When Hurrican Ida hit New Orleans, it took out eight major transmission lines delivering electricity to the New Orleans metro area, after Hurricane Laura severely damaged lines last year as well. One resident Jenel Hazlett was fortunate to have solar panels and a battery backup system which powered her home through the hurricane and subsequent outages. As climate change induced severe weather events persist, centralized power grids become more vulnerable, exposing energy infrastructure that lacks resilience. Although solar systems are both better for the environment and more resilient and reliable than centralized power grids, the upfront cost of solar installation is still high.
While the costs of home solar installations are swiftly falling as their use becomes more widespread, U.S. federal tax credits to help pay the costs are also declining.A 30% tax credit in recent years has now fallen to 26% for systems installed after 2019 and is set to decline further, though congressional Democrats are in the midst of an aggressive push to extend or expand such breaks. The state of Louisiana has also moved in recent years to scale back the practice of 'net metering', which gives those operating solar panels energy bill credits for excess power they feed into the grid.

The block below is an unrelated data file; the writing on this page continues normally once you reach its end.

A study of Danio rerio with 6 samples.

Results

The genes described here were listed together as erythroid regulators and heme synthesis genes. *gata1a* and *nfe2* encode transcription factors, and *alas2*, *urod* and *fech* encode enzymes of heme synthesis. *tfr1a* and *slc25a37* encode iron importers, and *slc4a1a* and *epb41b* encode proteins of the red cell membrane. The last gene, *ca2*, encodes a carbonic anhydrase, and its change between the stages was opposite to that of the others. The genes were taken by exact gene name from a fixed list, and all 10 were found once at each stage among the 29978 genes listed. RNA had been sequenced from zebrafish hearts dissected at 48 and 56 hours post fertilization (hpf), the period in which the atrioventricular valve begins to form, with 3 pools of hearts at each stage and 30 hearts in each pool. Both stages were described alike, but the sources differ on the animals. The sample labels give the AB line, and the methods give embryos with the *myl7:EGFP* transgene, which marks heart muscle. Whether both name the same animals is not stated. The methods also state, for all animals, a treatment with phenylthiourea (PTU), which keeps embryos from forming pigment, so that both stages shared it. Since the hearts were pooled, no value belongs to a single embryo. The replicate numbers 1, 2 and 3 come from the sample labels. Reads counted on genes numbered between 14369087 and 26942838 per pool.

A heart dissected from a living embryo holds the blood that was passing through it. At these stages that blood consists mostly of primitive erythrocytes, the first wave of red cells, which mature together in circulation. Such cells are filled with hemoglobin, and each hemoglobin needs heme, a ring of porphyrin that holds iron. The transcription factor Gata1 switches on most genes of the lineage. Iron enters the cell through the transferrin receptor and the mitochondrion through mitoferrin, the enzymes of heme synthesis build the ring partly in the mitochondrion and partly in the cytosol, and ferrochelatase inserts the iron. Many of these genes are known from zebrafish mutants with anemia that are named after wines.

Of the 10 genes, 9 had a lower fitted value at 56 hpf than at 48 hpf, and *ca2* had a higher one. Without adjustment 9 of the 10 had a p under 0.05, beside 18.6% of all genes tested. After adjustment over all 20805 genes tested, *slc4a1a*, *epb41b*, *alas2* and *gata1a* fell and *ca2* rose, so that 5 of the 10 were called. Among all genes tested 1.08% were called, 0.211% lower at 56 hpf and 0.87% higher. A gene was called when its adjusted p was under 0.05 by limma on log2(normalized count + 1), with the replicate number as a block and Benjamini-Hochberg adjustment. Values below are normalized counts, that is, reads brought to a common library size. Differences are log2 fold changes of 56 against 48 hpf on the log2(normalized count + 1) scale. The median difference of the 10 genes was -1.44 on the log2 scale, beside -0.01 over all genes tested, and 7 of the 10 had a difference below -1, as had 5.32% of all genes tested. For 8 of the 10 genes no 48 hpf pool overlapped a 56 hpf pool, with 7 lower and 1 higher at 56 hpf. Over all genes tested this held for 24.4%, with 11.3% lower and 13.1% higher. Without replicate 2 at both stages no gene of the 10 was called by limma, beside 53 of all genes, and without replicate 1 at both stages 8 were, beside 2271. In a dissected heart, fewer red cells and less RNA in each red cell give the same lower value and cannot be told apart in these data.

This article highlights compounded slow disasters of climate change and vulnerable grid infrastructure. Although addressing slow disasters requires structural approaches (e.g. weather-proofing grid infrastructure) performed by the federal government and other actors, energy sovereignty through renewable energy investments offers an opportunity for households to supply their own power thereby deepening their understanding and appreciation for energy systems, while minimizing their carbon footprint.
David Sherfinski, "Hurricane Ida power failures prompt calls for more solar energy, tougher grids", contributed by Morgan Sarao, The Energy Rights Project, Platform for Experimental Collaborative Ethnography, last modified 9 September 2021, accessed 18 September 2021.